I have been hearing here (and elsewhere) that the American IRS has said that it might be inclined to treat dual US/Canadian citizens a bit more leniently. I imagine this is in response to the concerns that have been publicly raised by the Canadian government in response to the FATCA and the FBAR requirement.
I do not begrudge one whit this good news (if it is indeed true) but it does raise questions for us overseas Americans who are not residents of Canada and who are (or wish to be) dual-citizens (or who have family members who already are dual citizens) of another nation-state.
As I was researching citizenship issues for the Flophouse blog I came across a very intriguing idea: the principle of “master nationality.” (I’ve also seen this called “effective” or “dominant” nationality). Now I am not a lawyer and my interpretation of this might be incorrect but here is what I understand: A dual citizen living in one of his states of citizenship does not have the right to ask the other state (of which he is not a resident) for aid and protection against the state in which he resides. So a dual French/US citizen living in France, who one day has an issue with the French government, cannot go to the US Embassy in Paris and plead for American protection and help. The French government will not acknowledge that the other government has sovereignty over that citizen as long as he or she is on French soil. This person is French. Period. This principle is stated very clearly in the Charter of the Rights and Responsibilities of a French citizen which says:
En acquérant la nationalité française, vous bénéficierez de tous les droits et serez tenu à toutes les obligations attachées à la qualité de citoyen français à dater du jour de cette acquisition. En devenant Français, vous ne pourrez plus vous réclamer d’une autre nationalité sur le territoire français.
I think that is entirely fair. A dual should not be able to have the “beurre et l’argent du beurre.” However this does raise an interesting question: if I become a French citizen and can no longer claim the rights, benefits and protection of American citizenship on French soil (the “butter and the money from the butter”) how should the French government react to an attempt by the “other” government to impose its sovereignty on me in France? Or for that matter on my children who are dual nationals by birth?
Now the United States seems to have a slightly different take on it. The U.S. State Department says here that “However, dual nationals owe allegiance to both the United States and the foreign country. They are required to obey the laws of both countries. Either country has the right to enforce its laws, particularly if the person later travels there..” Now that just seems downright unworkable. In a situation where French (or EU) law conflicts with American law, the French are saying that I would be required to obey French and EU law as a French citizen residing in France but the American government seems to be insisting that I must obey American law when I am in France. Or, for another example closer to the U.S., does this mean the United States of America recognizes the sovereignty of the Mexican state over, and the application of Mexican law to, dual US/Mexican citizens residing in the United States? Would they recognize the sovereignty of the French state over me if I were a dual, travelled to the US and then requested the aid of the French embassy while I am on American soil? How would the French embassy respond to such a situation? (I imagine that they would quite sensibly apply the principle of “master nationality” in such a case.)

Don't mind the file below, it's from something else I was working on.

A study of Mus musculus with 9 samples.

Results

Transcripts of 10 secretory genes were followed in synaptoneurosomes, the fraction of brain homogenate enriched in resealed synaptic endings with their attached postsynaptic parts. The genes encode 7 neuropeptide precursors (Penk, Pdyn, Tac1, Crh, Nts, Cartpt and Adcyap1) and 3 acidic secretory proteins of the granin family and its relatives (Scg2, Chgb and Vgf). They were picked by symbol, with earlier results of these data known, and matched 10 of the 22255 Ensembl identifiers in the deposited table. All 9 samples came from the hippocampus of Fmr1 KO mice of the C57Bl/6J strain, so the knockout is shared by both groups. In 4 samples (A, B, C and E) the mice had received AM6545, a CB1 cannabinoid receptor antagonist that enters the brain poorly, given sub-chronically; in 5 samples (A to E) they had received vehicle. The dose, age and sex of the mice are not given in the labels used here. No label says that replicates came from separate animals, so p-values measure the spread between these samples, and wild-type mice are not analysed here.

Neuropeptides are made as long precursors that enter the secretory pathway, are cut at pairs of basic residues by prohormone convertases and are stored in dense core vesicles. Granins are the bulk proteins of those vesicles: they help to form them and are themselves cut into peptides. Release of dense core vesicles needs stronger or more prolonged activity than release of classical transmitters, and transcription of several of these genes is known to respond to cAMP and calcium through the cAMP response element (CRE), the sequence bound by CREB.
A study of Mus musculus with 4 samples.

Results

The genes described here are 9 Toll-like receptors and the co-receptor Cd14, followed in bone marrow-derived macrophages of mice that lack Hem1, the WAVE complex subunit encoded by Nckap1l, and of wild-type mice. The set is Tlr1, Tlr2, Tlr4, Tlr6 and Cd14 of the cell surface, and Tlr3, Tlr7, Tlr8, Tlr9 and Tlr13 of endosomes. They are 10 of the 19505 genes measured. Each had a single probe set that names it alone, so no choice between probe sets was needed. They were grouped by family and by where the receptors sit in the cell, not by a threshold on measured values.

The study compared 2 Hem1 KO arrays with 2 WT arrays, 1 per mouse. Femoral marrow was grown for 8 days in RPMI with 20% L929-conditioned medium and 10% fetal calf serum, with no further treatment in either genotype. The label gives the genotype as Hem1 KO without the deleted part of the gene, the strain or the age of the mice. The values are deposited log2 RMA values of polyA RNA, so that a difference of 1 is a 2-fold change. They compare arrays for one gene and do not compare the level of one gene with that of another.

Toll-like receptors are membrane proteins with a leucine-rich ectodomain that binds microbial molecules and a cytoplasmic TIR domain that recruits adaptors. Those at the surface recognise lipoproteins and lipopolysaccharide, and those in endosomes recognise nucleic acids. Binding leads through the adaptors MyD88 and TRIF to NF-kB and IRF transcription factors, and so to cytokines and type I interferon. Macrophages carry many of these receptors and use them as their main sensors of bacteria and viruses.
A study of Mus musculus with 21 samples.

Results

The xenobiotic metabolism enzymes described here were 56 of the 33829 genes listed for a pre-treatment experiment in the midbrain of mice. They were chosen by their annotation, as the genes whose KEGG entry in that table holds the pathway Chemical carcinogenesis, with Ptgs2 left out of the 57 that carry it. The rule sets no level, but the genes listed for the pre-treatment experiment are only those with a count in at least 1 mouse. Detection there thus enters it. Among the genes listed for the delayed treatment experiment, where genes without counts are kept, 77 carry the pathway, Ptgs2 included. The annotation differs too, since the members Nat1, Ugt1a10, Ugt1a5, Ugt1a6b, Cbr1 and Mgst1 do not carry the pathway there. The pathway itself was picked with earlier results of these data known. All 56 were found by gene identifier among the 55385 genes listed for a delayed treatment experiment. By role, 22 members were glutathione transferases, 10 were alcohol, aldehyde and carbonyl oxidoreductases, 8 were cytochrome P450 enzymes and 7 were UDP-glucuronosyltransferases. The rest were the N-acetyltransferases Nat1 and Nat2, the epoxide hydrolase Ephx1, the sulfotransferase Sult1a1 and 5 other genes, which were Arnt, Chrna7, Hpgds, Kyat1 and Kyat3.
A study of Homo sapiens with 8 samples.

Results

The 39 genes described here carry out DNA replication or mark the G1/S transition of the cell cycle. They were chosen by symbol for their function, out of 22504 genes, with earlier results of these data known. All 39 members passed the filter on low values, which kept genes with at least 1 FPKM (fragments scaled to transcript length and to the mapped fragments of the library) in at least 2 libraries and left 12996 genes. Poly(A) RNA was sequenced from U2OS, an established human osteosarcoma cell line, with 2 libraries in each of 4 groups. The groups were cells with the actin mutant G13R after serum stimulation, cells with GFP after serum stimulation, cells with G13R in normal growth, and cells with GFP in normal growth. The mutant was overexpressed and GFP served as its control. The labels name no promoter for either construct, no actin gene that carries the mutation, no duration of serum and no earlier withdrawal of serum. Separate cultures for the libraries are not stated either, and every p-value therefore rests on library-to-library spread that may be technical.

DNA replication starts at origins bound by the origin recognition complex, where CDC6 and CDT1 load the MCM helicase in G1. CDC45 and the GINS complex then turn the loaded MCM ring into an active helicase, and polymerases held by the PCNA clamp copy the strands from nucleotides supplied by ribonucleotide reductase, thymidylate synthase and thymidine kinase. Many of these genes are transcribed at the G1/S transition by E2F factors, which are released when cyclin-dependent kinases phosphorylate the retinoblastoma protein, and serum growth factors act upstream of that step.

I find that I am unable to answer these questions (as I said, I am not a lawyer) however may I suggest that, from a purely practical standpoint (and as events in Canada in response to FATCA prove), there are real benefits to becoming a dual US/Other citizen since the U.S. government does seem to recognize that the other state does have sovereignty over that citizen and some say in how he or she is treated whether that person is living in the U.S. or not. The behaviour of the US IRS concerning Canadians and the FBAR regulations seems to confirm this since their leniency seems directly related to the Canadian government’s efforts on their behalf.
So for those of us who have been living outside the U.S. for many years, have come to love our host countries, but who have always been a bit fearful of the U.S. government reaction to our becoming citizens of our host countries (I was told in the strongest terms at the US Embassy in Paris years back that this was a *terrible* idea and I risked losing my American citizenship if I became a French citizen) that we effectively have nothing to lose and everything to gain by pledging allegiance to another state.
There are undoubtedly weaknesses and even outright errors in my analysis so please feel free to challenge me or give your take on it. It would be good to get some clarity on this.